MARIAH CAREY - #1's (1998)
专辑风格:流行舞曲 Dance-Pop, 成人时代 Adult Contemporary, 欧美流行 Western Pop
#1s is the first compilation album by American singer-songwriter Mariah Carey, released by Columbia Records on November 17, 1998. The album contained Carey's thirteen number one singles on the Billboard Hot 100, as well as four new songs. In Japan, #1s also included her popular single "All I Want for Christmas Is You", which remained Carey's biggest selling single there. Though showing the characteristics of a regular greatest hits album, Carey expressed a dislike for the track listing, which she called a large collection of her most commercial singles. Carey felt that if #1s was a traditional greatest hits album, then it would include other songs that did not reach number one, but were far more important in her career. She has regularly voiced her frustration with the song choices on the album, expressing her disappointment with the omission of her "favorite songs."
Upon release, reviews for the album were mixed, with criticism directed towards both the new material and the decision to include only Carey's number one hits in the United States. While receiving tepid reviews from music critics, the album became a large commercial success throughout the world. It debuted at number four on Billboard 200, number one in Japan, and in the top-ten throughout almost every major music market around the globe. #1s was certified five-times platinum by the Recording Industry Association of America (RIAA), denoting shipments of over five million copies throughout the United States. Aside from the US, the album experienced its strongest sales in Japan, where the album sold over 3,250,000 copies in the first three months after its release. The album was certified the triple-Million award, and currently remains the best-selling album of all-time in Japan by a non-Asian artist. In Europe, #1s was certified double-platinum by the International Federation of the Phonographic Industry (IFPI), denoting shipments of well over two million copies throughout the continent. To date, #1s has sold over 17 million copies worldwide.
Four singles were released from the album. Serving as the album's lead single was "Sweetheart", featuring Jermaine Dupri. The song performed weakly on the charts, peaking within the top-twenty only in Germany and Switzerland. The follow-up single, "When You Believe", a duet with Whitney Houston, charted well throughout the world. In the US, the song performed moderately, peaking at number fifteen. In Europe however, the song reached the top-two in Norway, Spain, Sweden and Switzerland and the top-five in Belgium, France, the Netherlands and the United Kingdom. "When You Believe" was featured in the The Prince of Egypt soundtrack, and received the Academy Award for Best Original Song. Sales of #1s were much higher than expected. Due to the album's success and achievements, it was credited with influencing the release of later greatest hits albums by other acts. (wiki)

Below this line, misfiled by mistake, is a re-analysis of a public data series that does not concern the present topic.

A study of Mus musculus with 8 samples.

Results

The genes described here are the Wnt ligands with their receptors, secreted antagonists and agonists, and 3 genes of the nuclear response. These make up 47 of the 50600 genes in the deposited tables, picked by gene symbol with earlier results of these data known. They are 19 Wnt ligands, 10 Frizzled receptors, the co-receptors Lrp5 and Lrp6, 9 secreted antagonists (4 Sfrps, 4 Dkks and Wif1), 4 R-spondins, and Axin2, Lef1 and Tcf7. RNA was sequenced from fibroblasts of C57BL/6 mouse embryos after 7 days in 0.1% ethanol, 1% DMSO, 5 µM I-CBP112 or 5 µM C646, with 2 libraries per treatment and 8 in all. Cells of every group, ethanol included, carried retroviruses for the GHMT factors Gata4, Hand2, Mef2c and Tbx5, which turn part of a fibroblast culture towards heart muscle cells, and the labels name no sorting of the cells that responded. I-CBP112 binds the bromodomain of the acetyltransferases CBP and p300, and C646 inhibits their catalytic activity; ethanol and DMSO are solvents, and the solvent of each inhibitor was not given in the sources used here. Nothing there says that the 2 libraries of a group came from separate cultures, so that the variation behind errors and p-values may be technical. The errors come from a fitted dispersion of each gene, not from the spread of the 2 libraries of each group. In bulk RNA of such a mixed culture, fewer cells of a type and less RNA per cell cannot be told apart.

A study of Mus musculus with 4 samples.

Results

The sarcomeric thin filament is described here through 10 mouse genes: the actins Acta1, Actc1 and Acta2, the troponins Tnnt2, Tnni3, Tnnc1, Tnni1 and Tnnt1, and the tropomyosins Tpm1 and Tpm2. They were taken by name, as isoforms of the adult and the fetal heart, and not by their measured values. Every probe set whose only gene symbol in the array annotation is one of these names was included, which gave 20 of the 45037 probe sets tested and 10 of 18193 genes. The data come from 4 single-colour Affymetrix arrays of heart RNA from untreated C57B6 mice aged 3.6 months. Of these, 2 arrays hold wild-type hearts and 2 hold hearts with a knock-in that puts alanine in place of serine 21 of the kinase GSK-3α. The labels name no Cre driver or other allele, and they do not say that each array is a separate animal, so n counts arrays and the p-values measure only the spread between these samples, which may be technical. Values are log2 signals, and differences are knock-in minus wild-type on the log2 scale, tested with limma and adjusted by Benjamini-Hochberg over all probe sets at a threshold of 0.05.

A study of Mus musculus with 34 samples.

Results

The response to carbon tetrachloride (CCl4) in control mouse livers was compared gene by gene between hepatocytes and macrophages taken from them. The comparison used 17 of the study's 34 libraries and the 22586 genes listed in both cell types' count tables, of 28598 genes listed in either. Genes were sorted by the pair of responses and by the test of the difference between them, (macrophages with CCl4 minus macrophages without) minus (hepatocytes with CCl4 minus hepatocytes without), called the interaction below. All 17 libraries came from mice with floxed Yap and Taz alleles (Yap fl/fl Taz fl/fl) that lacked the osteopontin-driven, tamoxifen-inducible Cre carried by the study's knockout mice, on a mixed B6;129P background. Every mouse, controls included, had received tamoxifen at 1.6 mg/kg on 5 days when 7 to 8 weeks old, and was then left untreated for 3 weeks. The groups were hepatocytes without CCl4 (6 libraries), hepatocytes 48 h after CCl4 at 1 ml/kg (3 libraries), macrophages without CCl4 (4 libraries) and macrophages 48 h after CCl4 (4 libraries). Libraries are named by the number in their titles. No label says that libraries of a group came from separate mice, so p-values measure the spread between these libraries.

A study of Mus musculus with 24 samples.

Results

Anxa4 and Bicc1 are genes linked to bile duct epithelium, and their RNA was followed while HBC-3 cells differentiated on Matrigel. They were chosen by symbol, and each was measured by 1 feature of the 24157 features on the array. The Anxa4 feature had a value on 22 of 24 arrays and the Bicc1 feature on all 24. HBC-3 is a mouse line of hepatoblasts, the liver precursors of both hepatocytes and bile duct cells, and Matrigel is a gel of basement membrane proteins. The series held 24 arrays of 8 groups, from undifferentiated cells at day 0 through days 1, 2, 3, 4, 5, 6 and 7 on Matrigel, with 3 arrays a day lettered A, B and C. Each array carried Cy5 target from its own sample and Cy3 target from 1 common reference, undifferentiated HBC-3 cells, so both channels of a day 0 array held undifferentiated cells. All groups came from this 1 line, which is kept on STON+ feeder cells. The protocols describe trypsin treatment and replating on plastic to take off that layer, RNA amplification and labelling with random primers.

by Stephen Thomas Erlewine
Protest as she may -- and she does, claiming in the liner notes that #1's is "not a greatest hits album! It's too soon, I haven't been recording long enough for that!" -- it's hard to view #1's, Mariah Carey's first compilation, as anything other than a greatest-hits album. Carey was fortunate enough to have nearly every single she released top the pop charts. Between 1990's "Vision of Love" and 1998's "My All," all but four commercially released singles ("Anytime You Need a Friend," "Can't Let Go," "Make It Happen," "Without You") hit number one, with only a handful of radio-only singles ("Butterfly," "Breakdown") making the airwaves, not the charts. That leaves 12 big hits on #1's, all number ones. Since Carey's singles always dominated her albums, it comes as no surprise that #1's is her best, most consistent album, filled with songs that represent state-of-the-art '90s adult contemporary and pop-oriented urban soul. That said, it isn't a perfect overview -- a couple of good singles are missing because of the self-imposed "#1 rule"; plus, the Ol' Dirty Bastard mix of "Fantasy" is strong, but fans familiar with the radio single will be disappointed that the chorus is completely missing on this version. The album is also padded with a personal favorite (her Brian McKnight duet "Whenever You Call," taken from Butterfly) and three new songs -- the Jermaine Dupri-produced "Sweetheart," the Whitney Houston duet "When You Believe" (taken from The Prince of Egypt soundtrack), and "I Still Believe," a remake of a Brenda K. Starr tune -- which are all fine, but not particularly memorable. Still, that's hardly enough to bring down a thoroughly entertaining compilation that will stand as her best record until the "official" hits collection is released.